Open Menu
Open Menu
 ::

Pirelli looks to the past for its newest tire

Published in blog.hemmings.com

Pirelli’s newest tire, the cross-ply Stella Bianca. Photos courtesy Pirelli.

In 1927, Pirelli debuted its first modern automobile tire, developed from the lessons learned in racing. Dubbed the Stella Bianca, or White Star, the distinctive tread pattern became Pirelli’s signature, and its cross-ply design proved so advanced that the tire remained in production into the 1950s. Now, at the request of classic-car owners, Pirelli has restarted Stella Bianca manufacturing, introducing its first new cross-ply tire in more than 50 years.

The difference between cross-ply (also known as bias-ply) and radial tires lies in their construction. Cross-ply tires utilize bands of cords (today made of polyester or aramid fibers, encased in rubber) that cross over one another, typically at 50-60 degrees to the direction of travel. Radial tires use cords wrapped at 90-degrees to the direction of travel, radially from the tire’s center, in conjunction with reinforcing bands (cap plies and crown plies) that cross at more random angles, nearly parallel to the direction of travel.

Renzo Bassi sketch for 1931 Pirelli Superflex Stella Bianca ad. Image courtesy Fondazione Pirelli.

Cross-ply tires feature sidewalls that are both stiff and strong, but their complex construction doesn’t really help with heat dissipation and, as a result, suffer from increasing rolling resistance and a limited top speed. When pushed to their limits, cross-ply tires tend to deform, reshaping the contact patch and thus limiting traction. Advances in materials and construction have improved cross-ply tires significantly over the years, and they remain the tire of choice for certain off-highway applications. In 1968, however, a study by Consumer Reports showed that radial tires could deliver a more comfortable ride, greater durability, improved fuel economy, and better handing. Though passenger-car cross-ply tires would soldier on for years to come, radial tires would ultimately prevail in this application.

Pirelli Superflex Stella Bianca advertising at the 1937 Finnish Grand Prix. Photo courtesy Fondazione Pirelli.

The first patents for radial tires were issued to an American, Arthur Savage, in 1915, but radials didn’t enter mass production until 1946, when French company Michelin introduced its Michelin X radial. Two years later, the Citroën 2CV became the first automobile designed specifically for radial tires and equipped with them at launch; the first American car to be shod with radial tires was the Lincoln Continental Mark III, which debuted in 1970.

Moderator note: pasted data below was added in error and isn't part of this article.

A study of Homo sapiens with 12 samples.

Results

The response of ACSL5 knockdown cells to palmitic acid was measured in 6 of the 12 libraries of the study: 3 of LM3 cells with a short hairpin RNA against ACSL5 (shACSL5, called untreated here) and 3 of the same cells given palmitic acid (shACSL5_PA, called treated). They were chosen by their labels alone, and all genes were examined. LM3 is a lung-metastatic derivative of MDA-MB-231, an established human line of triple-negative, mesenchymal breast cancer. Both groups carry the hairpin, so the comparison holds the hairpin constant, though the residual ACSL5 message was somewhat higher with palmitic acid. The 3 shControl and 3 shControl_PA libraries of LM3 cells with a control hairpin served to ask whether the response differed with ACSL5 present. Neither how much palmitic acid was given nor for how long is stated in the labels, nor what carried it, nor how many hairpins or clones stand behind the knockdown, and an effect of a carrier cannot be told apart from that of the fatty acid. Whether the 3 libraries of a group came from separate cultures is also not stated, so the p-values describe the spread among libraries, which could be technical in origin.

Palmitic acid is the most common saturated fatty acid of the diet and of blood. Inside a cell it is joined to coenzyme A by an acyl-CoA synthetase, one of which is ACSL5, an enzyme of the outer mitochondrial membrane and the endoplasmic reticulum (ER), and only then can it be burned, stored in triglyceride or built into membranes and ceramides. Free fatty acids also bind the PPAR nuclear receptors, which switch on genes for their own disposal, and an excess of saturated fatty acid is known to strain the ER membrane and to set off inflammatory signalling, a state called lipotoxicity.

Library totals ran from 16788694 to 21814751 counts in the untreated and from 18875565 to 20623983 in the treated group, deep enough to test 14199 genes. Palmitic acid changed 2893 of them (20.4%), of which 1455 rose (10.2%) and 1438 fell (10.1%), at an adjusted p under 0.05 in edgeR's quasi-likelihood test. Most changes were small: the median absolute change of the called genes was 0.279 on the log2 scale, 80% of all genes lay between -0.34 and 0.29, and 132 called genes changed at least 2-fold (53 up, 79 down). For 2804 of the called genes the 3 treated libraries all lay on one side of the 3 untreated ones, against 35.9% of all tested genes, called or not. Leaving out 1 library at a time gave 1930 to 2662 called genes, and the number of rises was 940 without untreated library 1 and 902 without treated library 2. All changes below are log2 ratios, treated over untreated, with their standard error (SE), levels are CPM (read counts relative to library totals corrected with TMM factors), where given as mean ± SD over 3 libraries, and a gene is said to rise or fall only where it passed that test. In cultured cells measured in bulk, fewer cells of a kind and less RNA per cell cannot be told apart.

Alberto Ascari, in the number 14 Ferrari 125, leads Giuseppe Farina in the number 10 Maserati 4CLT-48 at the 1949 Lausanne Grand Prix. Photo courtesy Fondazione Pirelli.

From 1927 into the 1950s, however, the cross-ply Pirelli Stella Bianca was the tire of choice for sports cars, racing cars, and even commercial vehicles. Early in the 1950s, Alberto Ascari won the Italian Grand Prix at Monza in a Ferrari shod with Stella Biancas, though by then the Pirelli Stelvio, the replacement for the Stella Bianca, was quickly becoming the tire of choice in motorsports competition. Soon, even this would be surpassed by Pirelli’s Cinturato radial, which favored lighter fabric belts over Michelin’s steel belts. Later, in the 1970s, Pirelli would pioneer the wide, low-profile radial tire, which was specifically developed for the Lancia Stratos rally car. Shortly after, this tire was adopted by Porsche for the 911 as well, and the era of the modern performance radial tire had begun.

With a five-decade gap in cross-ply tire production, gearing up to manufacture the Stella Biancas — which Pirelli will build in Izmit, Turkey — posed the challenge of relearning long-forgotten production techniques. The tires will carry a Corsa tread pattern, with sidewall markings and a Pirelli logo identical to the originals. Inside, the tires will take advantage of modern advances in material science and chemistry, delivering an authentic appearance with capabilities far above cross-ply tires produced in-period.

Pirelli opted to introduce its “newest” tire at the Auto e Moto d’Epoca in Padua, Italy, billed as the biggest vintage-car and spare-parts market in Europe. The Stella Bianca tires will join Pirelli’s Collezione series for classic cars, and will be available initially in a single size, 6.00-16, designed to fit a range of classic sports and racing cars. For further details, visit Pirelli.com/Tyres/En-WW/Car/Collection.